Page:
By Joe McDonald, WFMZ.com Reporter, news@wfmz.com
Published On: Aug 01 2013 09:43:31 PM CDT
Updated On: Aug 02 2013 06:15:29 AM CDT
69 News
FORKS TOWNSHIP, Pa. -

Department heads got their first look at Forks Township’s projections for next year’s budget Thursday, and the board of supervisors warned it will be the first step in a painful process that will probably entail staff reductions, spending cutbacks and higher taxes.

The township wants to cut at least three positions, said board chairman Erik Chuss, and to find a way out of a mountain of debt, estimated at about $900,000 a year, that lies ahead over the next seven years to replace aging township equipment, including police cars and a fire truck that must be replaced by state law in seven years.

The fire truck alone costs more than $2 million. It is 18 years old and it faces mandatory replacement under state law when it is 25 years old.

“We’re facing big deficits over seven years,” Chuss said. Along with a tide of red ink, the township is looking for more revenue.

“We are looking at tax increases, possibly over two years,” Chuss said.

The rumors of staffing cuts have been swirling through the township’s staffs for weeks, and at a conference meeting Thursday night the supervisors said their options are increasingly limited.

“Next year will be our most painful year,” said supervisor John O’Neil. “This was not created overnight.”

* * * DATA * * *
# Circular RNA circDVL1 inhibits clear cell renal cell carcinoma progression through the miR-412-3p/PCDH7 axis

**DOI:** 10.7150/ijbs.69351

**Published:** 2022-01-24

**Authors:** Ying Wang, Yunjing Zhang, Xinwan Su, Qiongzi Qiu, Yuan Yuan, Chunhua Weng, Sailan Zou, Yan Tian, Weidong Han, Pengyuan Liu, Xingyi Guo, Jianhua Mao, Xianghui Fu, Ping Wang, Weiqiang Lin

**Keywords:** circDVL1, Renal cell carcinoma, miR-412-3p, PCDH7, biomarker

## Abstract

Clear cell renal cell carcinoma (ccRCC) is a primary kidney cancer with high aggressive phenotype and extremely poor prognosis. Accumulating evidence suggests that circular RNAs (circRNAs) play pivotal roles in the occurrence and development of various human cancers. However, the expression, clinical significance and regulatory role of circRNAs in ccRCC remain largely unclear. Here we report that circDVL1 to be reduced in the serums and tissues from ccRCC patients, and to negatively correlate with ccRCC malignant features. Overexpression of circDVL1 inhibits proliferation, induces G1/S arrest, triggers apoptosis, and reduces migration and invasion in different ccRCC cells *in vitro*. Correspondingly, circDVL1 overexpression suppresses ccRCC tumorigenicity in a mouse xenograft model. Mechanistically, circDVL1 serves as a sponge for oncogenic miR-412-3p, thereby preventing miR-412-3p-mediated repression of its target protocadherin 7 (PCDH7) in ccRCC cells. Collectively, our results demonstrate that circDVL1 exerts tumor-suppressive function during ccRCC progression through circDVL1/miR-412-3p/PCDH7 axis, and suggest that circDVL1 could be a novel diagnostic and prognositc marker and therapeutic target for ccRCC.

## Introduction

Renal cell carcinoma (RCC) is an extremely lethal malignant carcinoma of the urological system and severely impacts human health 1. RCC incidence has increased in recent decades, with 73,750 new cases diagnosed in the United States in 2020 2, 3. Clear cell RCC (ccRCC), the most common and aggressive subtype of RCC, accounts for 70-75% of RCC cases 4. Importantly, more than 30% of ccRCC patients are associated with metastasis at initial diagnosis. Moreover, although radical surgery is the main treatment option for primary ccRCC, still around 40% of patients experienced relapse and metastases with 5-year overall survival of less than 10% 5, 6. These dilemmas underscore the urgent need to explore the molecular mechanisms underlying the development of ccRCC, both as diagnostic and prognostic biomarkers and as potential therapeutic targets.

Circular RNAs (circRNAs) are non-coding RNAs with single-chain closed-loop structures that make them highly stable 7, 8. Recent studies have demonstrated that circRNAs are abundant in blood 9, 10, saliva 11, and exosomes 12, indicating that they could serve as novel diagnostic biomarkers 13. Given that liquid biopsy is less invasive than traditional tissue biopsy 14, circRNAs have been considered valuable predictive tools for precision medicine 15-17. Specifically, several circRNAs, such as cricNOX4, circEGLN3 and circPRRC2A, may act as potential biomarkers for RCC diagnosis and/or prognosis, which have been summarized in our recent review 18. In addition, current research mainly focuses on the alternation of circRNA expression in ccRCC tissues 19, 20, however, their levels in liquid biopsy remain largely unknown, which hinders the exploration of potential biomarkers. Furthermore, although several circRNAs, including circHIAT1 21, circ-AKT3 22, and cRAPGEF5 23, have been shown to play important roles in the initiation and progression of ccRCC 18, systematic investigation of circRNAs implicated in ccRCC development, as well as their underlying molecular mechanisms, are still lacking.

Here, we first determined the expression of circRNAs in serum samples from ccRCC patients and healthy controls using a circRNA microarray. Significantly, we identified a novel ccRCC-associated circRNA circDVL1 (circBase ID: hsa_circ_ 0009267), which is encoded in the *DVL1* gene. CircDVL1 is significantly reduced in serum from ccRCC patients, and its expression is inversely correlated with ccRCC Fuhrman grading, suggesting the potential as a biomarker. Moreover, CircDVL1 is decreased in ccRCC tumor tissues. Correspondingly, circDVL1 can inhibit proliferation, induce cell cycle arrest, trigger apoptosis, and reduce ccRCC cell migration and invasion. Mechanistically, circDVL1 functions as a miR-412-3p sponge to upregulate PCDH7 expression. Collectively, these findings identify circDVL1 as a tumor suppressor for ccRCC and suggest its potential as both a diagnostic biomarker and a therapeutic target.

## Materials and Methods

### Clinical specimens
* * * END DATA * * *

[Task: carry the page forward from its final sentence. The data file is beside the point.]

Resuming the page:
Chuss said “big mistakes” were made by previous boards.

“Unfortunately everyone in this room is struck trying to solve it,” Chuss said. “We’ve got to clear up the mess, and got to get this thing back on track.”

Though Chuss did not identify in public the mistakes he was referring to, he said after the meeting that previous boards left the current board with what amounts to a balloon mortgage, the kind that lets homeowners pay little in the early years, only to be slapped with significantly larger payments down the road.

Many economists attribute that kind of financing as a key ingredient in the collapse of the housing market, which triggered the Great Recession.

The township has until the end of December to pass a new budget, which is tentatively projected to be about $8.1 million.